Basically, we have a group of hateful, disaffected teenagers from Orange County, all of whom have awful parents and smelly clothes. The crew is known as "TR" for "The Rejected," although considering the way the movie goes, these auto-alienated brats are more the "Rejectees." As in, they bailed on their families because A) they were molested, B) mommy was a drunk, or C) consumerism, like, sucks, man.
So the TRs all live in an abandoned town house on the nasty side of the tracks, where wild Dobermans roam free (eating toddlers at will, mind you), cops have no power, and anarchy is king. Well, "anarchy" in the sense that the TRs steal cold-cuts from local houses and say words like "vibrator" when they harass a weekend garage sale.
Basically, Suburbia is a very old and rather cornball forefather to Trainspotting. (Suburbia is to Pong as Trainspotting is to Halo 2.) The acting performances from the all-amateur cast range from enjoyably raw to embarrassingly inept, and Spheeris' screenplay paints its characters and themes in only the broadest imaginable brush-strokes. (The "bad guys" are normal homeowners who love nothing more than slaughtering dogs on the side of the road.) But there's still a b-level exploitationeer's charm to Suburbia. It might be simplistic and silly to modern eyes, but it's still a perfectly watchable piece of cheesy social commentary.
Video: It's a fuzzy, flat, and seemingly misframed full frame transfer. Yuck. I know it's a semi-obscure indie from 1984 and all that, but heck, this is DVD after all.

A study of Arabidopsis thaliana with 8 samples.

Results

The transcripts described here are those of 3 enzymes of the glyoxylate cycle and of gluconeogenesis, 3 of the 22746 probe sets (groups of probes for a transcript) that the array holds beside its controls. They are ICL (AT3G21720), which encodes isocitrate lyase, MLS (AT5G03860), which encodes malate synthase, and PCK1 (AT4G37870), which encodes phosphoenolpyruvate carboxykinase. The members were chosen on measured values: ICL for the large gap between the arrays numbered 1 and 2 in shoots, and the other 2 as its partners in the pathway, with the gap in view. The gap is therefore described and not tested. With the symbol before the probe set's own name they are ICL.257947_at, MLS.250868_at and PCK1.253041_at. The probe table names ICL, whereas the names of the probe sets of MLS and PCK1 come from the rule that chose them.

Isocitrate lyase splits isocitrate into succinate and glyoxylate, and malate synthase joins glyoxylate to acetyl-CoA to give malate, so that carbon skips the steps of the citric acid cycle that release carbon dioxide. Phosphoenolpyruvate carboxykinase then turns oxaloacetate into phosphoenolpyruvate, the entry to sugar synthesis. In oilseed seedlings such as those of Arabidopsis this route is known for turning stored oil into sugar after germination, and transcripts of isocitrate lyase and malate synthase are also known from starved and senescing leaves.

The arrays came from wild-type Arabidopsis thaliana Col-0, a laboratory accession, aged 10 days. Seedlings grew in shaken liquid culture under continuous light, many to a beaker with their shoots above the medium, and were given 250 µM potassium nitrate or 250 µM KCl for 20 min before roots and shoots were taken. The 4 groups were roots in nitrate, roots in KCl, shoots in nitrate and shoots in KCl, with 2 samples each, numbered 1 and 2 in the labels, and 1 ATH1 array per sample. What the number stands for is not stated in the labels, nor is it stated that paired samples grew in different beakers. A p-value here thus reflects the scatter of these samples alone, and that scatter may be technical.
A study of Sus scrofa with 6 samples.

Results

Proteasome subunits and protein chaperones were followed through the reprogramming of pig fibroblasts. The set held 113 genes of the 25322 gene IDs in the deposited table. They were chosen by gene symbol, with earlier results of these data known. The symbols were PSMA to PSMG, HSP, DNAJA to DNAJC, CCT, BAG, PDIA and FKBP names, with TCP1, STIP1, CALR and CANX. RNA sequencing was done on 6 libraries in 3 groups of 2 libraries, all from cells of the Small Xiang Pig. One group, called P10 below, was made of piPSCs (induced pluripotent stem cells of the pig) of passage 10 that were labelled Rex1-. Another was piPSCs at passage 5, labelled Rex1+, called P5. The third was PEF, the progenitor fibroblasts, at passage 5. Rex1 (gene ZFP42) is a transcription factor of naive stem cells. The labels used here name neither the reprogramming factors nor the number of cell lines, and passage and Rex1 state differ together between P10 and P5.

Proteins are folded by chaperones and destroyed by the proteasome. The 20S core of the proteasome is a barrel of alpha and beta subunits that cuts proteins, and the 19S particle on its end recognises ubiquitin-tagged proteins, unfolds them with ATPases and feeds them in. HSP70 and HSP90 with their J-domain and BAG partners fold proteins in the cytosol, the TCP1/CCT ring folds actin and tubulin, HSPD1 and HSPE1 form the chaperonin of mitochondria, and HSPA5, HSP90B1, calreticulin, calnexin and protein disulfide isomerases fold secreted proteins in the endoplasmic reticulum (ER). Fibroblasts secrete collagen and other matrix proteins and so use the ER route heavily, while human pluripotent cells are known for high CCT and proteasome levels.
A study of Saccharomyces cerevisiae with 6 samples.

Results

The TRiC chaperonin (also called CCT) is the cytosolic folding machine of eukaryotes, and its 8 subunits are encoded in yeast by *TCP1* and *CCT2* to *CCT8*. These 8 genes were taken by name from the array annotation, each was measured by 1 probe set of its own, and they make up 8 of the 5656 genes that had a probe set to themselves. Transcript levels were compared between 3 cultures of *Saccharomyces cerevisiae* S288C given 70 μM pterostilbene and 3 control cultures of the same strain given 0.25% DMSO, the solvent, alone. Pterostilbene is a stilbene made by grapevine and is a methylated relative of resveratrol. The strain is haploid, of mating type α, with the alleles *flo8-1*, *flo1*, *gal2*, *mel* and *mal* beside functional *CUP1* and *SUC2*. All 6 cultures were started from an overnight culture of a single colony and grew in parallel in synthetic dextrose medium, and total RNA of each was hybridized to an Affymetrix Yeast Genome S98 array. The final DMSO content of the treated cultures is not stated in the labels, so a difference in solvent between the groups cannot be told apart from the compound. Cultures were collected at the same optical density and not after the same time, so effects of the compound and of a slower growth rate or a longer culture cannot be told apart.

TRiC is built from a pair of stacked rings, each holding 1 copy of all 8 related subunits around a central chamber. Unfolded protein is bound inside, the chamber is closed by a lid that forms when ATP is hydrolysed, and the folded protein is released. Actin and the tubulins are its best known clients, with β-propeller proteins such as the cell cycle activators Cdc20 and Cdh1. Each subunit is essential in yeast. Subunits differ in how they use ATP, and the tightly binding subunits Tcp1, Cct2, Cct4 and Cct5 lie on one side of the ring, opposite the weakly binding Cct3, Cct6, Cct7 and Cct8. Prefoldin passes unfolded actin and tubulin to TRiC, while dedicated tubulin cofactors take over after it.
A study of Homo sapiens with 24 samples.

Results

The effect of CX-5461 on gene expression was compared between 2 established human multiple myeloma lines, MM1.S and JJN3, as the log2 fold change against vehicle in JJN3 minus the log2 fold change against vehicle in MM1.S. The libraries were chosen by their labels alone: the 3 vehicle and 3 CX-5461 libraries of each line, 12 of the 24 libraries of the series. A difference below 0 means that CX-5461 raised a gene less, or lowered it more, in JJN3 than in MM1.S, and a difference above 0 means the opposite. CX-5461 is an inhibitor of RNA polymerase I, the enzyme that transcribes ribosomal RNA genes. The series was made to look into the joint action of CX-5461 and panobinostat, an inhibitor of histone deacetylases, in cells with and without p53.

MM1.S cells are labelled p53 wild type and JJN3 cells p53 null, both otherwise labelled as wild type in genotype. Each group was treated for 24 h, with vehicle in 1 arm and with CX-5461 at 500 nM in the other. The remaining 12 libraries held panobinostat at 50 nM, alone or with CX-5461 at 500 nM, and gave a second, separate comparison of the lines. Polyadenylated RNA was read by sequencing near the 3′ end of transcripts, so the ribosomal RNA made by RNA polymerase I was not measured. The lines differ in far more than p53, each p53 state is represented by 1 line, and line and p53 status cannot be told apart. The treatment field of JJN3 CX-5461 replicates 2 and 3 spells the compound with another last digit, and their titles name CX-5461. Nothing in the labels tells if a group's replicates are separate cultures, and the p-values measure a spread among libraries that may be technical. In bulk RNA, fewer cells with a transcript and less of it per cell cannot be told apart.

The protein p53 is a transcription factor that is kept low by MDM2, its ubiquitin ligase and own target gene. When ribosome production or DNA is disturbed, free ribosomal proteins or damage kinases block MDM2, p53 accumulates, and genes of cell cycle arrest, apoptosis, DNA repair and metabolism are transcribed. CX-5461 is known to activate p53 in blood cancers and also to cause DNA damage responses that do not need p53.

Audio: A fairly unimpressive Dolby Digital 2.0 track.
Extras: You'll get a loose, self-deprecating, and informative audio commentary with director Penelope Spheeris, a few cast & crew bios, a trio of trailers for Suburbia, and some previews for Saint Jack and Piranha.
"I was a good filmmaker ... before I sold out," says Penelope Spheeris on her audio commentary, and it's tough not to appreciate the gal's candor. Known most notably for her Decline of Western Civilization documentary trilogy, Spheeris went from pulpy schlock like Suburbia, The Boys Next Door, and Hollywood Vice Squad to her big break with Wayne's World ... before settling in on expensive sludge like The Beverly Hillbillies, The Little Rascals, Black Sheep, and Senseless.
Maybe she should get a backer who'd pony up a meager two million bucks for a Suburbia 2.